Meeting point

Meeting point

You may ask yourself –surprised by the fact that others have not acted according to your expectations– what you could have done to be able to convince them of the correct path. You know what the right way is and you want them to follow that. Thus, if you’ve learned that tolerance is part of that path, and you feel that those who surround you need to be more tolerant, you go and shout to them, “You have to be more tolerant!”

From the point of view of someone who wishes to change something in others, this seems the most direct way to do it, of course. However, will you really get people to be more tolerant by using precisely the opposite trait? The answer is probably no.

The truth is that the other person –the person who you have before you– exists, and he or she is as much an owner of the reality you two are sharing as you are; so, perhaps your demands may infringe upon his or her individuality and your request may cause rejection, or even more intolerance.

One of the discoveries that the materials developed by the Organization and Relationship Systems Coaching (ORSCTM) program have brought to my life is precisely that: the fact that the other individual exists in an equal relationship as he or she stands before us, regardless of the role he or she has. Between the individual and I, there is no gap nor is there a reality that is set by a hierarchy; there is only the common ground of our relationship.  The relationship that we began to create from the time of our first contact, from our first suppositions or truths, is our true meeting point.  In fact, it is not physically possible to interact with others outside of that context.

No matter its type, the relationship will always be there. There will be generative relationships that are safe and uplifting, and there will be convulsive or destructive relationships.  This depends not so much on us or on others, but on the relationship that we have built all together or, even more, on the emotional charge of the information with which we’ve fed the relationship.

That is to say, if our wish is to increase the tolerance of a team, family, or social group and we introduce more demands into the relationship in order to do so, the relationship would not be more tolerant; in fact, instead of being more tolerant, it would probably be more demanding. Therefore, what we explicitly ask for becomes quite the opposite.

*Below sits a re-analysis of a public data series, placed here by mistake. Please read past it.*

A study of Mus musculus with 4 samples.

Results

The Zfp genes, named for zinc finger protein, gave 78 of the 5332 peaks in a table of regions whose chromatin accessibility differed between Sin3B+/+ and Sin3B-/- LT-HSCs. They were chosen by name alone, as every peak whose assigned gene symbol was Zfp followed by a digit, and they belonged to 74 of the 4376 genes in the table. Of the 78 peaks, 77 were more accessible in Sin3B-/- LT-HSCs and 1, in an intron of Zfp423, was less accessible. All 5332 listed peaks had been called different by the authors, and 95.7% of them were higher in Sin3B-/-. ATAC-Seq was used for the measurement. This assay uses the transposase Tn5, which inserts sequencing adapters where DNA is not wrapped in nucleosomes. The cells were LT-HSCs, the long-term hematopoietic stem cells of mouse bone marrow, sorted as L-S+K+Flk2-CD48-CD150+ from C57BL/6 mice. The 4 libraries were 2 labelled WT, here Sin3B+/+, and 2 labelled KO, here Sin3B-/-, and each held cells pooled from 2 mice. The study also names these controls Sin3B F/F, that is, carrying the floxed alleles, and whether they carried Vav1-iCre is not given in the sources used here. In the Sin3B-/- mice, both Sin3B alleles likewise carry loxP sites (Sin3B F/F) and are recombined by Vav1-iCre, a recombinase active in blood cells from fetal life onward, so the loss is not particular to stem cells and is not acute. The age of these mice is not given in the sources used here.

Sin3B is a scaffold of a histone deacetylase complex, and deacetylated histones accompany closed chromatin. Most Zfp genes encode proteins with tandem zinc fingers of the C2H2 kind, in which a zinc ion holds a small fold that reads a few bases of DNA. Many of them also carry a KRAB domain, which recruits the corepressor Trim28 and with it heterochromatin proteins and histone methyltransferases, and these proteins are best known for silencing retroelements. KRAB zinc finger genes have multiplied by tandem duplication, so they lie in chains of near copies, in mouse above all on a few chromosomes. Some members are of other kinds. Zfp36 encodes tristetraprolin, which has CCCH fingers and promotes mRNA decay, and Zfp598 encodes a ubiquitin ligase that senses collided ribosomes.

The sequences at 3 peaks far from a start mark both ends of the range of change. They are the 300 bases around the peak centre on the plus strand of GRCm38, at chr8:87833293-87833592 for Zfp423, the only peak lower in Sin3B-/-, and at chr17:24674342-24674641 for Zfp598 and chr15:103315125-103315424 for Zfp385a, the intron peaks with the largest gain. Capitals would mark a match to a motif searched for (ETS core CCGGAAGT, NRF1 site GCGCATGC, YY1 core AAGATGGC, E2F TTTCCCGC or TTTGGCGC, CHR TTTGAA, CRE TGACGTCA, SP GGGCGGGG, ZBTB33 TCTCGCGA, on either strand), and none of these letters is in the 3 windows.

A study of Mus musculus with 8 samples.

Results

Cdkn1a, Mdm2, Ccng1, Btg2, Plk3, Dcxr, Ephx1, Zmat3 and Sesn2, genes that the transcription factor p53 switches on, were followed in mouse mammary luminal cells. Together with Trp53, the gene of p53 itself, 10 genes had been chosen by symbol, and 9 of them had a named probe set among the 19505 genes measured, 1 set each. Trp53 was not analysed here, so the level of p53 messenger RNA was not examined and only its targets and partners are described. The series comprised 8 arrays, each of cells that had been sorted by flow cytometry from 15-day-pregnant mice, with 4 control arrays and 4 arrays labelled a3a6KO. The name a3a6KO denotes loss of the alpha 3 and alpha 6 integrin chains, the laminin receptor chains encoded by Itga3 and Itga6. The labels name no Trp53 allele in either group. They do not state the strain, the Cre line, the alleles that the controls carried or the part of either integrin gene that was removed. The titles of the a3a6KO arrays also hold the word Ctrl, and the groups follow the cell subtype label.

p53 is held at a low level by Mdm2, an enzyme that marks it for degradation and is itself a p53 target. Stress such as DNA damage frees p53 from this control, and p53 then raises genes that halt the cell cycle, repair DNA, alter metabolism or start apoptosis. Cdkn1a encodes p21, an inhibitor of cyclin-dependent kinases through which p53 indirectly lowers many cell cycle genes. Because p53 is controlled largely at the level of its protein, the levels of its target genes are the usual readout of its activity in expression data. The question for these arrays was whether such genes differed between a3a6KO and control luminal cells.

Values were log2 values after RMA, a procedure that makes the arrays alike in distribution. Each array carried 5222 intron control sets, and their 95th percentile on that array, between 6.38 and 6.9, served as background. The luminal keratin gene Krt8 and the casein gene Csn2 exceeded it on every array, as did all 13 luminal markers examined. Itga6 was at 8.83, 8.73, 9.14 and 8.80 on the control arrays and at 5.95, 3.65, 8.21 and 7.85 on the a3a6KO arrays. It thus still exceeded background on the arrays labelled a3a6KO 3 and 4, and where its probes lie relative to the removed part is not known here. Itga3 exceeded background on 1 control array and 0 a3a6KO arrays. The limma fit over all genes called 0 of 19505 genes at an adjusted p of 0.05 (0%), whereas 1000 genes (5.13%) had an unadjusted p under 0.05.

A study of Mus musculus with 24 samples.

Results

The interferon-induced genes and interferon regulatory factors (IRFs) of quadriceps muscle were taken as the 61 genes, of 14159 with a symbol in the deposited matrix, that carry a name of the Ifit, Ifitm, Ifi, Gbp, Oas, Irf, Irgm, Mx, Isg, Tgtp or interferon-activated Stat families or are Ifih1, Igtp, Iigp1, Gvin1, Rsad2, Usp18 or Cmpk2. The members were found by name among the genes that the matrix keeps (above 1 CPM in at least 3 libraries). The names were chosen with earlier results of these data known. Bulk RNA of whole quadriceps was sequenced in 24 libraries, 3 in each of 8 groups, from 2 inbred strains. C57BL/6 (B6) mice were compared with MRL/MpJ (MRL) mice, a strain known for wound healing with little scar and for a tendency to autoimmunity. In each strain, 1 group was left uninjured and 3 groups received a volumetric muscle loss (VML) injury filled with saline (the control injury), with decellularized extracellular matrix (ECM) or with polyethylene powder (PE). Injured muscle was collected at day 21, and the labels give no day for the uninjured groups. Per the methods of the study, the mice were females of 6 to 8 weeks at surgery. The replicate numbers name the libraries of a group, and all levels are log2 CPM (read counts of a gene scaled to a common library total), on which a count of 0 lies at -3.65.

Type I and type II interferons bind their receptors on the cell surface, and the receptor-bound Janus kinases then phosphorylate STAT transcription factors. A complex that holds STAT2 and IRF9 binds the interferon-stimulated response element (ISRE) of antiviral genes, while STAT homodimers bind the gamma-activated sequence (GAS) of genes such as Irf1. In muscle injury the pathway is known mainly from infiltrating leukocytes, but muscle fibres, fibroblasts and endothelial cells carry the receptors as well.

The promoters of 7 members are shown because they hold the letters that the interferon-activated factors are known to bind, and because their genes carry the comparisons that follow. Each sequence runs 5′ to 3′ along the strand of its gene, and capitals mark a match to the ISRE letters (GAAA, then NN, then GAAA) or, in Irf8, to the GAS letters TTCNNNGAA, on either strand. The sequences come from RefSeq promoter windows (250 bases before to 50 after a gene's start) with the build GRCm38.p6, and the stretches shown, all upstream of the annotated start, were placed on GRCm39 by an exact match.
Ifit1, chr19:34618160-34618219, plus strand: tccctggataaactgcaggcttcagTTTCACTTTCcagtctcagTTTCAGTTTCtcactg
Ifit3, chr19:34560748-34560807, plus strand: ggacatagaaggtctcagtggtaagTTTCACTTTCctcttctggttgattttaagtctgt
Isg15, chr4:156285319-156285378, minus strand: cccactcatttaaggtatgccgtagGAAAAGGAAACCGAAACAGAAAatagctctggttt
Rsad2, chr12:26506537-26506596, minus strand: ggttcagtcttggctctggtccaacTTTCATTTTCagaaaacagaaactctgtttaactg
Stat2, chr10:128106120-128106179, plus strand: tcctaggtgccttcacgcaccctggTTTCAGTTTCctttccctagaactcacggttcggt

But the relationship, or that relational or organizational “system” that we all build together, is not limited to storing information (the emotional load brought on by the members who make up the relationship), but instead it conditions us directly. We aren’t the same with our parents as we are with our friends, nor are we the same with our children as we are with our professional colleagues. We play and joke with some, trying to have fun, and we introduce into those relationships disinhibition, spontaneity, provocation, play…. We try to impress others and we introduce into those other relationships respectability, focus, efficiency… And, as a result of that information with which we feed our relationships, we generate an “us;” a new entity or relational system that contains us and conditions us.

If the members of a relational system –whether it be a team, family, committee, or property owner’s community, to give a few examples– ignore that reality, it is very easy for toxicities like contempt, criticism, isolation, and defensive attitudes to be included in our habitual way of interacting – sometimes even with the intention of improving our interactions!

The methodology that the Organization and Relationship Systems Coaching (ORSCTM) program uses has the virtue of providing managers, future facilitators, and coaches an operational system that allows them to interact with the members of a team in such a way for that common space –that relationship– to be recognized and respected by each one of them. Don’t you think that if we all were more conscious of the relationship, the world would be different?